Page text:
How do you react in emergency situations?
Depending on the type of situation and the current role you play in your life (single, married, parent, child), you may react in a multitude of ways.
This week for Part 4 of the Mental Preparedness series, I want to go over how you can be ready for any emergency situation that may come your way. At least, mentally.
If you’re ready in your mind, you’re ready in the physical sense as well. I’ll repeat myself as many times as necessary: being mentally prepared is more important than being physically prepared.
Once you have a plan settled in your mind, your body can react naturally.
Short Story Time
A few years ago at a friend’s wedding reception, I ended up spending most of my time following a different friend’s two-year-old son so that said friend could actually visit with a few other moms. Munchkin and I had a fun time exploring the room and watching the bigger kids play. After a while though, I ended up holding him while we stood by the front window and watched the rain slide down the glass. His mom had given him one of those lifesaver mints and he was drooling a bit.
Without warning, he started choking on that mint. I took a second to access if he was actually choking. When I realized it wasn’t a cough, I yelled to his mom, spun the kid around so that he faced at a slight downward angle, and popped his back between his shoulder blades a couple of times.
The mint came flying out of his mouth and he started crying. I handed him off to his mom that had just reached us and I grabbed a paper towel to pick up the slobbery hazard off the floor.
Once my brain caught up with the situation, I started crying myself. Shock settled in and took a few minutes to work itself out.
So What Happened?
Did you see how my body took over the emergency despite my brain taking a few moments to access the situation?
In no way am I trying to toot my own horn because that kid’s mom happens to be an EMT. The munchkin would have been fine if I hadn’t reacted the way I did.
But what I want to share is why that happened.
Years before that, I really thought I wanted to be a babysitter in middle school. With two younger siblings and plenty of younger cousins, I had the experience. So my mom bought me a simple guide book to babysitting and I memorized it!
One section explained possible emergency scenarios and how the babysitter should react. A baby choking happened to be one of those scenarios.
Because this information had been logged away in my memory and I had thought it through multiple times since, my body knew exactly what to do when the munchkin started choking on that mint.
Yes, I still had a freak out moment afterwards but that’s what happens. Shock takes over whether we want it to or not. It’s a part of our brain recalibrating after the situation. At least, that’s how I like to look at it.
If we’re not fully trained emergency personnel who have been through these kinds of situations multiple times, then we may end up freaking out a bit more after it happens the first time.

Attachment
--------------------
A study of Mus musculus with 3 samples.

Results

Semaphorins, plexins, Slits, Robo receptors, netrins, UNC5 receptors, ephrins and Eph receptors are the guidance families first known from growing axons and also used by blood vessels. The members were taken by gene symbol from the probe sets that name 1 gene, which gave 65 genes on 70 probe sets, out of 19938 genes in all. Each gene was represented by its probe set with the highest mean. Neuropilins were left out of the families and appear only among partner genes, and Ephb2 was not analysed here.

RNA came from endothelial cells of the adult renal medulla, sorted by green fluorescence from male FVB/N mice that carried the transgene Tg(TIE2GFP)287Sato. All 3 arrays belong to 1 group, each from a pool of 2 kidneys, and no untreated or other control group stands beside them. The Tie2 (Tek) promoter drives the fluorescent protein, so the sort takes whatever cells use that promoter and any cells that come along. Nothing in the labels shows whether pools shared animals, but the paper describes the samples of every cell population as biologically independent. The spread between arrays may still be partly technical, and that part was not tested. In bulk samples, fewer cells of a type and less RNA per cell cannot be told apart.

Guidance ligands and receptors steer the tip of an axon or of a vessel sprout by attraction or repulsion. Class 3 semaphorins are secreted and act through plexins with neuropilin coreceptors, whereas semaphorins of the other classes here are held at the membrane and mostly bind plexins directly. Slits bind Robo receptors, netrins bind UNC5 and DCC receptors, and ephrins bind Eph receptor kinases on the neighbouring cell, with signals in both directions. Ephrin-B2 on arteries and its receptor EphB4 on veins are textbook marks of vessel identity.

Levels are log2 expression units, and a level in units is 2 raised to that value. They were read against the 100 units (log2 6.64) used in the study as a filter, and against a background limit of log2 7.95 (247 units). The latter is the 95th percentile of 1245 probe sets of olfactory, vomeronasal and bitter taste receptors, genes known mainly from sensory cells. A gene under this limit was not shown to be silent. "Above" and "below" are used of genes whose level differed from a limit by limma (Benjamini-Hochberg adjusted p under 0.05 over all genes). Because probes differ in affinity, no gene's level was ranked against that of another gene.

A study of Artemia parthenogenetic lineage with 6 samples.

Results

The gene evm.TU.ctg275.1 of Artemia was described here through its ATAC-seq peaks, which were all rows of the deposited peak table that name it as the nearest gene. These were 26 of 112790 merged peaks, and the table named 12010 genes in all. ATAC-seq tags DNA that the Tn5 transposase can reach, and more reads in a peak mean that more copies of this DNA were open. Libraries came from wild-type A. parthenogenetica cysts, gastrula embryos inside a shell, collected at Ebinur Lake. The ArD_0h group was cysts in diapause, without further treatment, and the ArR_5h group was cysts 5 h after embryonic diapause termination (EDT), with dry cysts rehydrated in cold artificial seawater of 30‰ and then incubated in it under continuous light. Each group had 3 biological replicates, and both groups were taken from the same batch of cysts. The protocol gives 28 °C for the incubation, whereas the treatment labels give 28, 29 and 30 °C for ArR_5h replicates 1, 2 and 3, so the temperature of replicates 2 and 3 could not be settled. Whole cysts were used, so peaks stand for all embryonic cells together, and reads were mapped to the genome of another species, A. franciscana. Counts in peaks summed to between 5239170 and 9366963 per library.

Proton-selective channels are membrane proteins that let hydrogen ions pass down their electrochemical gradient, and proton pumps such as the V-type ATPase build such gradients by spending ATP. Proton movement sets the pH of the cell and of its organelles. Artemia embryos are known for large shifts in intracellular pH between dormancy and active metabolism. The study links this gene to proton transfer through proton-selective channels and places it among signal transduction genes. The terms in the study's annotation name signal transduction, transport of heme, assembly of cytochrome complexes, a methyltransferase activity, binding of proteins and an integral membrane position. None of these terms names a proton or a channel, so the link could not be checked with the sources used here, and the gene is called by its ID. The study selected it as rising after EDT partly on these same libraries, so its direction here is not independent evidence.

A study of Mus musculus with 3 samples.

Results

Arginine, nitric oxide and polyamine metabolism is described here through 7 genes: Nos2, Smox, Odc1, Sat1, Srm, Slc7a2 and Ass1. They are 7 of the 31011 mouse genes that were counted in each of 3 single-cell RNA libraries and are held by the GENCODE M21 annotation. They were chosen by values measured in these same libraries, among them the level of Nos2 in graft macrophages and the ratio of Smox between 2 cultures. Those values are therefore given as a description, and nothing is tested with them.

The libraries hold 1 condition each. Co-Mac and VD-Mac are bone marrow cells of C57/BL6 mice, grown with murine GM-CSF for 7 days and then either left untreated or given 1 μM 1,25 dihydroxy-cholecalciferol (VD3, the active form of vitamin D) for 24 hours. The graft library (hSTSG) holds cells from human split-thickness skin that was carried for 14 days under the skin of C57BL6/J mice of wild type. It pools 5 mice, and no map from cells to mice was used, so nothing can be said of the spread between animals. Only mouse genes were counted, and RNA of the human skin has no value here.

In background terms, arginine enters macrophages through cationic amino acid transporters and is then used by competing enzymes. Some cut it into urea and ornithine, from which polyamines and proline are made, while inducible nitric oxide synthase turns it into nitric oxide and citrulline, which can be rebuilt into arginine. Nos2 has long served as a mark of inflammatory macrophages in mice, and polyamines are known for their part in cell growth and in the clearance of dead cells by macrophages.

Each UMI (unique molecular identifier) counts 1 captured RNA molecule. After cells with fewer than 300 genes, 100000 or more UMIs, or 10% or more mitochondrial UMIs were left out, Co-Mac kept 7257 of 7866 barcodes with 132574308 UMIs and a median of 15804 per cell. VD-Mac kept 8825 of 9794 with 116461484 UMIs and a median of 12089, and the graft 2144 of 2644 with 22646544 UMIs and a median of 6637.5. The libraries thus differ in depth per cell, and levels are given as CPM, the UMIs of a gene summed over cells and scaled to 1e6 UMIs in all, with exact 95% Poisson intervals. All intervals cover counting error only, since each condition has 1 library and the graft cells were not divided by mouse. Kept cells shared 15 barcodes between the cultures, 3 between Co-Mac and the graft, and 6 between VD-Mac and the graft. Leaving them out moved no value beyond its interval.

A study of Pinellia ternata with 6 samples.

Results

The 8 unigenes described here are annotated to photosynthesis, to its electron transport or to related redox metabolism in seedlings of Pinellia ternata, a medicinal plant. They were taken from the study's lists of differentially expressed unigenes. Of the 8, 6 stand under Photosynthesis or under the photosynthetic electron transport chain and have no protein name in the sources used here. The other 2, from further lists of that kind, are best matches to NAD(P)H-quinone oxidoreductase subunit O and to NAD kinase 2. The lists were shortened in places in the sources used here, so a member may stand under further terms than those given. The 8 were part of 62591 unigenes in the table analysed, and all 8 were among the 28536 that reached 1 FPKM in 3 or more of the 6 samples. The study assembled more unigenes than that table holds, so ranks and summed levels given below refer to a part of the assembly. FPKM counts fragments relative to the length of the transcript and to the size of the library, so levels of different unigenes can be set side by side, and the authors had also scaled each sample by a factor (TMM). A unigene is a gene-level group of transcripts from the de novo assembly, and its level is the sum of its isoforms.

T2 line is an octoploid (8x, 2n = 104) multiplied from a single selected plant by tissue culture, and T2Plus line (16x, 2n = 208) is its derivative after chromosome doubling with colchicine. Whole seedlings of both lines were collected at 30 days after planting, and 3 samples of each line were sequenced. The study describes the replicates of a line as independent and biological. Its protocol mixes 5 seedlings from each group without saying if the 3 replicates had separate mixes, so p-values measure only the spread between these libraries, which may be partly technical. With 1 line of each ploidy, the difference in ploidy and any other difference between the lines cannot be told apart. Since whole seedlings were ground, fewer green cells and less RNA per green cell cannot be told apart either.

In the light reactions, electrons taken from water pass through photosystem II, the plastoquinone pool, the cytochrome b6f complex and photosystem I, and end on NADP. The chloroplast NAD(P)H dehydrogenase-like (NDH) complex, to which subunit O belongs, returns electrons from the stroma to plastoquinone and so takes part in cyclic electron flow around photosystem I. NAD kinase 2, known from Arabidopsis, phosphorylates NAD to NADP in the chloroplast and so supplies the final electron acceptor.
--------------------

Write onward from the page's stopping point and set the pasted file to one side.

Do I want to go through a situation like that again?
But can I? Yes. I’m prepared for it.
What I want you to take away from this post today is that you can be ready for any emergencies that surprise you. You may not always have the skills necessary or tools at the ready, but you can know how to help and tell people what to do in those situations.
Whether it’s a child choking on candy or a car accident or your stove goes up in flames.
The emergency won’t cause you to freeze in panic if your brain already has the knowledge to help you out.
I also want to encourage you to never shame yourself if you get through the emergency and you end up crying or hyperventilating afterwards.
You made it to the other side!
You got the child to stop choking.
You helped get everyone out of harms way.
It’s totally okay if your brain and body need a few minutes to process what just happened.
I ended up crying in front of a crowd after they heard me yell for help. Most of them were moms. They let me cry and were so encouraging.
Let your body work out what happened then move on.
Just because you’re mentally ready for just about any situation doesn’t exempt you from the after effects. Being mentally ready helps you get through so that you can process safely on the other side.
If you’ve been through any sort of emergency situation, take some time to think through it and answer these questions:
- What happened?
- How did it happen?
- What could have prevented it from happening?
- How did I react?
- What could I have done differently?
- What can I learn from this situation?
Again, no shame in asking these questions. This is the best way to learn and be better prepared if that situation ever happens again.
You’re one step closer to being mentally prepared for almost any scenario!
Until next time, friend, Happy Prepping!